How to Convert a Travel Trailer Into a Homeby Valerie Berta
Converting a travel trailer into your home is a good idea if you want to save money or make a living while traveling full time. Because travel trailers are smaller than a regular home they are less expensive to heat and cool and they offer many opportunities to live frugally. Yet small and frugal can translate into a lot more than savings if you know how to make the most out of your home on wheels.
Find a place to park your travel trailer that fits your needs and tastes. Whether you own land, rent it, stay at an RV park or go on the road, you need to make sure the spot you choose is legal and has all the utility connections -- power, fresh water and sewage -- you will need. You will need to think of laundry facilities as well if your trailer does not have any. Some RV parks have extras such as pools and community rooms, and most will include electricity, water and sewage costs in the rent.
Make sure the trailer is level and secure it with wheel chocks or any other stopping device.
Hook up fresh, gray and black water hoses to the appropriate utility sources, whether RV park utilities or hook-ups connected to city or county pipes on your land. It is a good idea to keep your holding tank valve closed until the tank is full, because this will prevent solid matter buildup in the tank.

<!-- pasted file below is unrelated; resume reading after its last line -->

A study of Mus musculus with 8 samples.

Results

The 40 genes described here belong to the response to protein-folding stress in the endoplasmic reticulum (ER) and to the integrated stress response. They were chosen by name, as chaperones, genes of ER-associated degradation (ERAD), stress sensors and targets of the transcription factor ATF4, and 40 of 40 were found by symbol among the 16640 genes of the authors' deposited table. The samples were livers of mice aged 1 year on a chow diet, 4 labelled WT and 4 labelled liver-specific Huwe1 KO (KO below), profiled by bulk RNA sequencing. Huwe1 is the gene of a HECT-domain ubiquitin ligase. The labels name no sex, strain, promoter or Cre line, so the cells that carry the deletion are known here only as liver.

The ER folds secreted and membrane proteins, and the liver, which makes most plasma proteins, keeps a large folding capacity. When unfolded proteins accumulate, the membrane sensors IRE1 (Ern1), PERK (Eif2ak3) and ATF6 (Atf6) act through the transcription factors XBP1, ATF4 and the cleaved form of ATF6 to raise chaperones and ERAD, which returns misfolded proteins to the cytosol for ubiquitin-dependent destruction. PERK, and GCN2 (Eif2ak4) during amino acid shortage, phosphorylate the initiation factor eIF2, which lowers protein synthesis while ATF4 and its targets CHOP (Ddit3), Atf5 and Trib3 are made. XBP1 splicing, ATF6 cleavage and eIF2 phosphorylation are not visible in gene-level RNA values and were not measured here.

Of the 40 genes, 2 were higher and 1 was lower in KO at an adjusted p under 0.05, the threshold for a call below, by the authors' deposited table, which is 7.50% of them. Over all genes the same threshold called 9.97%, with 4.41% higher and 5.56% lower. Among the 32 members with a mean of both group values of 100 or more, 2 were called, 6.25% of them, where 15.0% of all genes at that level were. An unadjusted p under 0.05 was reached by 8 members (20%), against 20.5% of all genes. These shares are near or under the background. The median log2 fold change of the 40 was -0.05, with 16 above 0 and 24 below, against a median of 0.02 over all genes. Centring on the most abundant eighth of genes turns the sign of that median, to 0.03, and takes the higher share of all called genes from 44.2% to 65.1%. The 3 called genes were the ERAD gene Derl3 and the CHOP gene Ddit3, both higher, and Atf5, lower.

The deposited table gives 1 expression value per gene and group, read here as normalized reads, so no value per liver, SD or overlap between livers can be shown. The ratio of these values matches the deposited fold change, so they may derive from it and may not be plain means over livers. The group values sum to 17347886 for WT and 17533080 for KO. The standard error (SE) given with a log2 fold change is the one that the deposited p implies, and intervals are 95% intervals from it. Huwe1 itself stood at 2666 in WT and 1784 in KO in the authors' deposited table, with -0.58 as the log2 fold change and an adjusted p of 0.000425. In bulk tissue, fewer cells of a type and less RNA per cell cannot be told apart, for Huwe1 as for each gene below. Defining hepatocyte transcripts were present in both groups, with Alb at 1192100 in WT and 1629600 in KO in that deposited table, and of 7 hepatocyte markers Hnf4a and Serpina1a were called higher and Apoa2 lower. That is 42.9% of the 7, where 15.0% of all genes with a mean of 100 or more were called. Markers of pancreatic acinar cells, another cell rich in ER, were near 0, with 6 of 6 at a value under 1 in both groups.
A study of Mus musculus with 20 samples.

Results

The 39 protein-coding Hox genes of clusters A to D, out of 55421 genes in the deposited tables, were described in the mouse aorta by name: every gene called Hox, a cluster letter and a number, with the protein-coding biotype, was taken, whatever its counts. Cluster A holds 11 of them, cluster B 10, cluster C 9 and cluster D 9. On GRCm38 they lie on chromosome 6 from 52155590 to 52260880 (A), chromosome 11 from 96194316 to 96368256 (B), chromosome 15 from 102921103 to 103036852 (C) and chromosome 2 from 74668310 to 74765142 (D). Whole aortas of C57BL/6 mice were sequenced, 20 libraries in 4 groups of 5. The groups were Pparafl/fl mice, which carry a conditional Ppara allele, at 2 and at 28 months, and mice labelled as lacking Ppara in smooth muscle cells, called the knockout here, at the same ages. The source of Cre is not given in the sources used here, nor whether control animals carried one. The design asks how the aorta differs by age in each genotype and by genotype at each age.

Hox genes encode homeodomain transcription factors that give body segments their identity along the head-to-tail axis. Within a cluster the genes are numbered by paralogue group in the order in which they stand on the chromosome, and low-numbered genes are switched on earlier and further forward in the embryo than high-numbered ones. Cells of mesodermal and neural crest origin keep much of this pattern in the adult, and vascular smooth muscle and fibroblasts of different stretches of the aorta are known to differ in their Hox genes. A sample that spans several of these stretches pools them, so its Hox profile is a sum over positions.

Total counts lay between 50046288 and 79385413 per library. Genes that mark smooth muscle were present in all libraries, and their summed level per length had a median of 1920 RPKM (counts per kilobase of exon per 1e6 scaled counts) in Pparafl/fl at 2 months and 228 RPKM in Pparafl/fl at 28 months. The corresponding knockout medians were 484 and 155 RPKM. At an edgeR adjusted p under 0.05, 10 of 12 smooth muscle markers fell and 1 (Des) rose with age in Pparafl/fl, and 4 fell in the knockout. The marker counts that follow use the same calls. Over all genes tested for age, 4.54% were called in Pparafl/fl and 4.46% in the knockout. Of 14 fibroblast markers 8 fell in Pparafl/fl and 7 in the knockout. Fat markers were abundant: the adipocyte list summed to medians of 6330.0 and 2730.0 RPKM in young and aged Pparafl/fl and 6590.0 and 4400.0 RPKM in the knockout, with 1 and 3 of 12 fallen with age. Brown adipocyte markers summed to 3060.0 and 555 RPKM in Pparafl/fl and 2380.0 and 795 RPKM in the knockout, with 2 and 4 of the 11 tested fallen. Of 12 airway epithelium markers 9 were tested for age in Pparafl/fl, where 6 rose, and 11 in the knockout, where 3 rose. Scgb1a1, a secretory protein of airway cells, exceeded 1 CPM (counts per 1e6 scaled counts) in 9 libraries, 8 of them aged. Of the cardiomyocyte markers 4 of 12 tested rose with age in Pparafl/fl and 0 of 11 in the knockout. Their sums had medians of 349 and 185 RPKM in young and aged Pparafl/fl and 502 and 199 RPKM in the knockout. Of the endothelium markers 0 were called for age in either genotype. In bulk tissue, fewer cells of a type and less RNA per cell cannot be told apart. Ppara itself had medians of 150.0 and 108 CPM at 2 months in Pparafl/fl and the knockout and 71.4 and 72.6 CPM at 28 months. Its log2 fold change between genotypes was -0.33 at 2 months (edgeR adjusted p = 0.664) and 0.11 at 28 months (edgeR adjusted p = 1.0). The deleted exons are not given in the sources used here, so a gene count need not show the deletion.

Connect the main electrical cord from your travel trailer to city power, or outside power. You can also use solar panels on the roof of your trailer. Travel trailers use a lot less electricity than a regular home and installing solar panels is a good way to be self-sufficient and save even more.
Prepare for both hot and cold weather. Winterize your trailer in the fall and use the trailer's window and main awning in the summer. You can get better weather protection and save more by building an awning over your trailer if you are on your own land.
Keep it simple. Turn lack of space into economic opportunity by keeping only what you can store in your trailer.
Connect with other people who live in their RVs full-time for tips on how to thrive and make your home in a travel trailer. Sharing a small space with your family can be a challenge but it is one that many have successfully met. Putting your family pictures on the wall, as well as other personal touches, is a good way to start. If you plan to travel there are also many ways to work and make a living on the road.
- An easy way to clean your waste water hose is to close the gray water tank valve a day or two before you plan to dump your holding tank, then release the gray water after dumping. The gray water flowing in the hose will wash away black water residues.
Things You'll Need
- Travel trailer
- Wheel chocks
- Extra RV cords
Valérie Berta has been a writer and photojournalist since 1994. She has worked for "The Jacksonville Journal-Courier," "Riverside Press-Enterprise" and "Agence France-Presse." Berta earned master's degrees in both English and journalism.